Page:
J Behav Health Serv Res; ePub 2018 Nov 21; Young, et al

Patient-reported outcomes can inform implementation of evidence-based practice and improvement in outcomes, according to a recent study that investigated Enhancing QUality of Care in Psychosis (EQUIP), an 8-site clustered controlled trial of the implementation and effectiveness of patient-reported outcomes to support evidence-based practice and improve care for schizophrenia. Implementation sites chose to improve care for weight, which included monitoring patient-reported outcomes using kiosks, patient and staff education, quality improvement teams, and phone care management. Qualitative and quantitative methods compared implementation and effectiveness between sites for 13 months. Key finding included:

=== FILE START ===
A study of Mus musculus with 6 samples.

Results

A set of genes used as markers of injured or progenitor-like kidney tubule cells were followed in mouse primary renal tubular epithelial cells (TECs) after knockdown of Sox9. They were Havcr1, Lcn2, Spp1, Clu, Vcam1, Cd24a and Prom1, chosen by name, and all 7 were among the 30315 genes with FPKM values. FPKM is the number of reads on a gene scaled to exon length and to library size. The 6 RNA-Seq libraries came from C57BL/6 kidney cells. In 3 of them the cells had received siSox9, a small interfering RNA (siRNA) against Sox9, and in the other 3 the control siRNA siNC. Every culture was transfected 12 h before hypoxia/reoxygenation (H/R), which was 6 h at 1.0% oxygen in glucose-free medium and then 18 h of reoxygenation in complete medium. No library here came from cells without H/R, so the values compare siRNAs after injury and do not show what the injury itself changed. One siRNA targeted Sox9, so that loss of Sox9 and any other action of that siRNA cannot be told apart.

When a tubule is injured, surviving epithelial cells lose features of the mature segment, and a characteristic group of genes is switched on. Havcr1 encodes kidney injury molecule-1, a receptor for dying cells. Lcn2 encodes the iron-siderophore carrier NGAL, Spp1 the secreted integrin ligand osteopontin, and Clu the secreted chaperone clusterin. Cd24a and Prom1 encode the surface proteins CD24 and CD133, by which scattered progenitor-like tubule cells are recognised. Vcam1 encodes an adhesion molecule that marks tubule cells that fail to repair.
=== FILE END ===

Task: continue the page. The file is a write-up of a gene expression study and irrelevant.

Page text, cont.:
• 80% of 801 randomly selected patients were overweight.
  • 201 clinicians varied in competency.
  • Baseline use of behavioral weight services was low.
  • At implementation sites, patients became 2.3 times more likely to use weight services compared with control sites.
  • There was no effect on the weight gain liability of medications prescribed.
  • Controlling for baseline, patients’ final weight at control sites was 5.9 ± 2.7 kg heavier than at implementation sites (F=4.8).
Citation:

Young AS, Cohen AN, Hamilton AB, Hellemann G, Reist C, Whelan F. Implementing patient-reported outcomes to improve the quality of care for weight of patients with schizophrenia. [Published online ahead of print November 21, 2018]. J Behav Health Serv Res. doi:10.1007/s11414-018-9641-8.